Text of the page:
The 22 victims of the suicide attack at the Ariana Grande concert in Manchester included an 8-year-old girl and an off-duty police officer. It’s difficult to make sense of such an evil act, although unfortunately, the story is increasingly familiar.
Ten months before the Manchester Arena tragedy, a suicide bomber struck outside a wine bar in Ansbach, Germany, after trying to infiltrate a music festival. On March 25, 2016, a suicide bomb killed scores at a soccer stadium in Iskandariya, south of Baghdad. In the November 2015 Île-de-France attack, a concert at Paris’ Bataclan ended in a massacre.
The list goes on and on, giving credence to growing concerns that terrorists will continue to set their sights on attacking concerts and other events. And after each event, we ask the same question: how might this atrocity have been prevented?
Although we’ll never know for sure if face recognition technology could have prevented past attacks, some can almost certainly be prevented in the future. Salman Abedi, the Manchester suicide bomber who had proven links to al Qaeda and had received terrorist training abroad, was a known figure to British and U.S. officials prior to the attack, making it quite likely that the suicide bomber’s photograph was on a terror watch list.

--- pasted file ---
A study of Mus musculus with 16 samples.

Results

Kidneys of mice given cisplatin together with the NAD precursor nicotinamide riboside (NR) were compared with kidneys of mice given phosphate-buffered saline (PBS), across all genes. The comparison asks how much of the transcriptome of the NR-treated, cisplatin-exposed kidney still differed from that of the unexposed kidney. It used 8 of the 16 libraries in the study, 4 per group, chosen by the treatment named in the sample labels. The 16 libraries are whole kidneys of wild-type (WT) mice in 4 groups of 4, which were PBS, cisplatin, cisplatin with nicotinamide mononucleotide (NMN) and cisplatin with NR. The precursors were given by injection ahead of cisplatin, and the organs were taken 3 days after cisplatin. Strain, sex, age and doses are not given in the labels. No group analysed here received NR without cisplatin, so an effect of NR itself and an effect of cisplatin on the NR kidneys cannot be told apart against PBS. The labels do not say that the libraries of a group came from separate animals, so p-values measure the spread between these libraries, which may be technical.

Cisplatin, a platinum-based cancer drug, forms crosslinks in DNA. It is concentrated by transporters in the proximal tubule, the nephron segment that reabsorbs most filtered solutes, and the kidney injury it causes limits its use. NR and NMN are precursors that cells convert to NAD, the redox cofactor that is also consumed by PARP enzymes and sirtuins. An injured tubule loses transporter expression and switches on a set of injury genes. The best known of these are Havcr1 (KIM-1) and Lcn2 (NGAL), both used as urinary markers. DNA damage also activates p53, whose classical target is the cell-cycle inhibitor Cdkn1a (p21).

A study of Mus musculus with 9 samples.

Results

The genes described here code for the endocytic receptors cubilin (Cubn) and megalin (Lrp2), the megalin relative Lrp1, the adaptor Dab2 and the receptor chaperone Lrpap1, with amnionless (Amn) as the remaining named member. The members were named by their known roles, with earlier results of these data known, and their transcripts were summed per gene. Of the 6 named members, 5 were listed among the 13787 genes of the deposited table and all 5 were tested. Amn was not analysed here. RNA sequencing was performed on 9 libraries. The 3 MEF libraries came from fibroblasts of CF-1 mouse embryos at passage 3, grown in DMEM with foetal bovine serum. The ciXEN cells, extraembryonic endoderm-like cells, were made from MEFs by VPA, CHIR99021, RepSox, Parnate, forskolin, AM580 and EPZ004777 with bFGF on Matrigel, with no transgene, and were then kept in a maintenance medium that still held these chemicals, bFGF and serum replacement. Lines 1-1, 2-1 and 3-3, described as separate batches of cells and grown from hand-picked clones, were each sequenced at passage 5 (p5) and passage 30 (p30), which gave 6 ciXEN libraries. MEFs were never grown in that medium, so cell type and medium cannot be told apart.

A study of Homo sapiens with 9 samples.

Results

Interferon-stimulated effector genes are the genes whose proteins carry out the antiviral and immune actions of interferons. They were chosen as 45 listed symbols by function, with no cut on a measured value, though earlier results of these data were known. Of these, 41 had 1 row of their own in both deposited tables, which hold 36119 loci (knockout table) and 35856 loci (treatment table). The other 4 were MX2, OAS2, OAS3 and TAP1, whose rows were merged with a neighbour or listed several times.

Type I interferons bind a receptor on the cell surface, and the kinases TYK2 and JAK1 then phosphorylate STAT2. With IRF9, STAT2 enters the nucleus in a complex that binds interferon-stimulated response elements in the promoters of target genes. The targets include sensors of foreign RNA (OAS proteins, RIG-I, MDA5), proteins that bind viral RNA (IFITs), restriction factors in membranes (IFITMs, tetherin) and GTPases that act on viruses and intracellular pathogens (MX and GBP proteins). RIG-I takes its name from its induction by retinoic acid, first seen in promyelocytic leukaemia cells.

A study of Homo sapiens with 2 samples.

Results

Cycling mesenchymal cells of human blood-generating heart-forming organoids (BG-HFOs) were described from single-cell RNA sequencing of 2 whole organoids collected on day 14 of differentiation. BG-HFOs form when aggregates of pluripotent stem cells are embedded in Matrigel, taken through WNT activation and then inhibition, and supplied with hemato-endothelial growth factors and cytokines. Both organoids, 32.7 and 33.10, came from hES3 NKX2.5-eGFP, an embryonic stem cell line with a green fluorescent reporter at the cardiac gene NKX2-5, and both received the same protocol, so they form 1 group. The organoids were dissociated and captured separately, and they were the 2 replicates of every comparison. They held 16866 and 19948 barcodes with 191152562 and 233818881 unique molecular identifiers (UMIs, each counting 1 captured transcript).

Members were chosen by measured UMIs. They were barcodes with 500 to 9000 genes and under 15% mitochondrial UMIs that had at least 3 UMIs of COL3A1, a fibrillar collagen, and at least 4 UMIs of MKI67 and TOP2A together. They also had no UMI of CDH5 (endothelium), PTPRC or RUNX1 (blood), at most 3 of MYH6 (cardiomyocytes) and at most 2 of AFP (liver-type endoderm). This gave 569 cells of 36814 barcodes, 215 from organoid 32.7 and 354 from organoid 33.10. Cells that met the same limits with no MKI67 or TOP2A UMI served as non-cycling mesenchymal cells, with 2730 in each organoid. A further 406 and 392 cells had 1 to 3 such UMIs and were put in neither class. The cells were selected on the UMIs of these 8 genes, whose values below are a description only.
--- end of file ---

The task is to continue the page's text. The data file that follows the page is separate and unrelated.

Although scientists differ on just how many faces a human being can remember, the number seems to be around 1500. Leaving aside the incredibly difficult job security forces have in normal day-to-day operations, it’s easy to see that watch lists are of little use in real-time security without the assistance of technology. But as airports like Panama’s Tocumen International Airport have proven, watch lists are incredibly useful when face recognition technology is in place.
Just like passengers entering an airport, face recognition systems can be used to match ticket holders against photos in a database in real time. When a match is found, security is instantly mobilized to search, detain or deny entrance to suspected individuals. In some cases, alerts may be delivered directly to law enforcement.
This technology isn’t new. Airports, law enforcement agencies and even retail stores have been using similar systems for years. Let’s hope that event organizers will take a fresh look at not only new technologies, but also at increased partnerships with law enforcement to prevent future atrocities.
To learn more about how face recognition can potentially help prevent crime and terrorism at future events, download our free 5-Minute Guide to Facial Recognition for Event Security.